Ransomware perpetrators’ increasing focus on Australia is just targeted marketing

Feb 24, 20164 mins
Data and Information SecurityMalware

All the warnings in the world aren’t going to stop a small business from paying a ransom to recover encrypted files when the alternative is the collapse of the business – and that, one security expert has warned, is why Australia will continue to be increasingly targeted by cybercriminals looking to make a quick buck from the malware.

Ransomware as a service (RaaS), a growing phenomenon that allows perpetrators to rent ransomware-generating engines to target a particular portion of Internet users. Cybercriminals “know that people from certain countries have a high exposure rate [to ransomware],” ESET ANZ senior research fellow Nick FitzGerald told CSO Australia.

“If Australians end up downloading and executing bad code more than others, [perpetrators] might be prepared to pay more to target Australians because they know it has a lot of wealthy people, and because they know there’s a bigger chance of it getting onto machines – which is a higher ROI.”

Ransomware authors have indeed had great success targeting Australian users in recent years, driving the country up the leaderboard to the point where they regularly rank amongst the world’s most frequent ransomware victims. Some 9415 TorrentLocker victims were discovered in one study in late 2014 – putting it second in the world – while a Trend Micro analysis last year found Australia was hit with a flood of TorrentLocker emails that produced a flood of Australian victims – up from a 2013 analysis in which Kaspersky Labs ranked Australia fifth globally.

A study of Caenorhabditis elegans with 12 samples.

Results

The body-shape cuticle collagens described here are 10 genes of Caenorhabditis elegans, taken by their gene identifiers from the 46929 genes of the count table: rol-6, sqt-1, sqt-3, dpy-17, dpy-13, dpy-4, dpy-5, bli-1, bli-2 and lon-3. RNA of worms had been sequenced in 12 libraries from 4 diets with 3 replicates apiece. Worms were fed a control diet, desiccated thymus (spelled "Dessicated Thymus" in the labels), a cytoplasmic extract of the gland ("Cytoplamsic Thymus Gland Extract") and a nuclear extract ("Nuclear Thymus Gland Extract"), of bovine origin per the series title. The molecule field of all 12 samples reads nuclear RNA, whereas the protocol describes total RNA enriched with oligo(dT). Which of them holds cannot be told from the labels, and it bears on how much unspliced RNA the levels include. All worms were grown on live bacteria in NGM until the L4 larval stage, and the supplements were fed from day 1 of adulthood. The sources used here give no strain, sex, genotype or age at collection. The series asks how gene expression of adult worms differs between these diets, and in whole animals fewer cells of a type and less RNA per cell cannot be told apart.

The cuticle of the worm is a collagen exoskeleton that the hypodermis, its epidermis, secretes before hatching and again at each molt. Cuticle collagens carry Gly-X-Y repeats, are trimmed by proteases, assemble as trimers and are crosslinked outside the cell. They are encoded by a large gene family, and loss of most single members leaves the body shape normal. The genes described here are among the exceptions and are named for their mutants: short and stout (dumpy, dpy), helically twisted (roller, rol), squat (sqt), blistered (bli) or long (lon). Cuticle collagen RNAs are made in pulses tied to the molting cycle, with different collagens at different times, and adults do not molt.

ESET’s latest security report, Trends 2016: (In) Security Everywhere, highlighted the growing sophistication of ransomware attacks, which have expanded to include mobile devices with recent ransomware such as Lockerpin and Lockdroid.

With so many new threats appearing and businesses focused more on staying in operation than on philosophical arguments about stamping out ransomware by ignoring it, businesses that were actually hit by online nasties were finding it quicker and easier to just pay up – as a Massachusetts police department and a Los Angeles hospital have famously done recently.

“Morally you shouldn’t encourage people by paying up,” FitzGerald said, “but if it means the death of your business – which might include a dozen people – what are people realistically going to do?”

“It’s not an enormous amount of money for someone from a developed Western industrialised economy, and [operational shutdown] is a total calamity so it’s often a no-brainer for people affected by these things to pay up.”

The continuing success rate for malware attacks may also be fuelled by Australia’s relatively large base of small and medium businesses (SMBs), which generally lack the security budgets of larger companies as well as the backup infrastructure and technological knowhow necessary to work around many ransomware infections.

As a result, many businesses are proving ripe territory even for old malware: in January, ESET reported, some 9 percent of Australian malware and 7 percent of New Zealand malware consisted of Bayrob, a family of malware that has been circulating since 2007.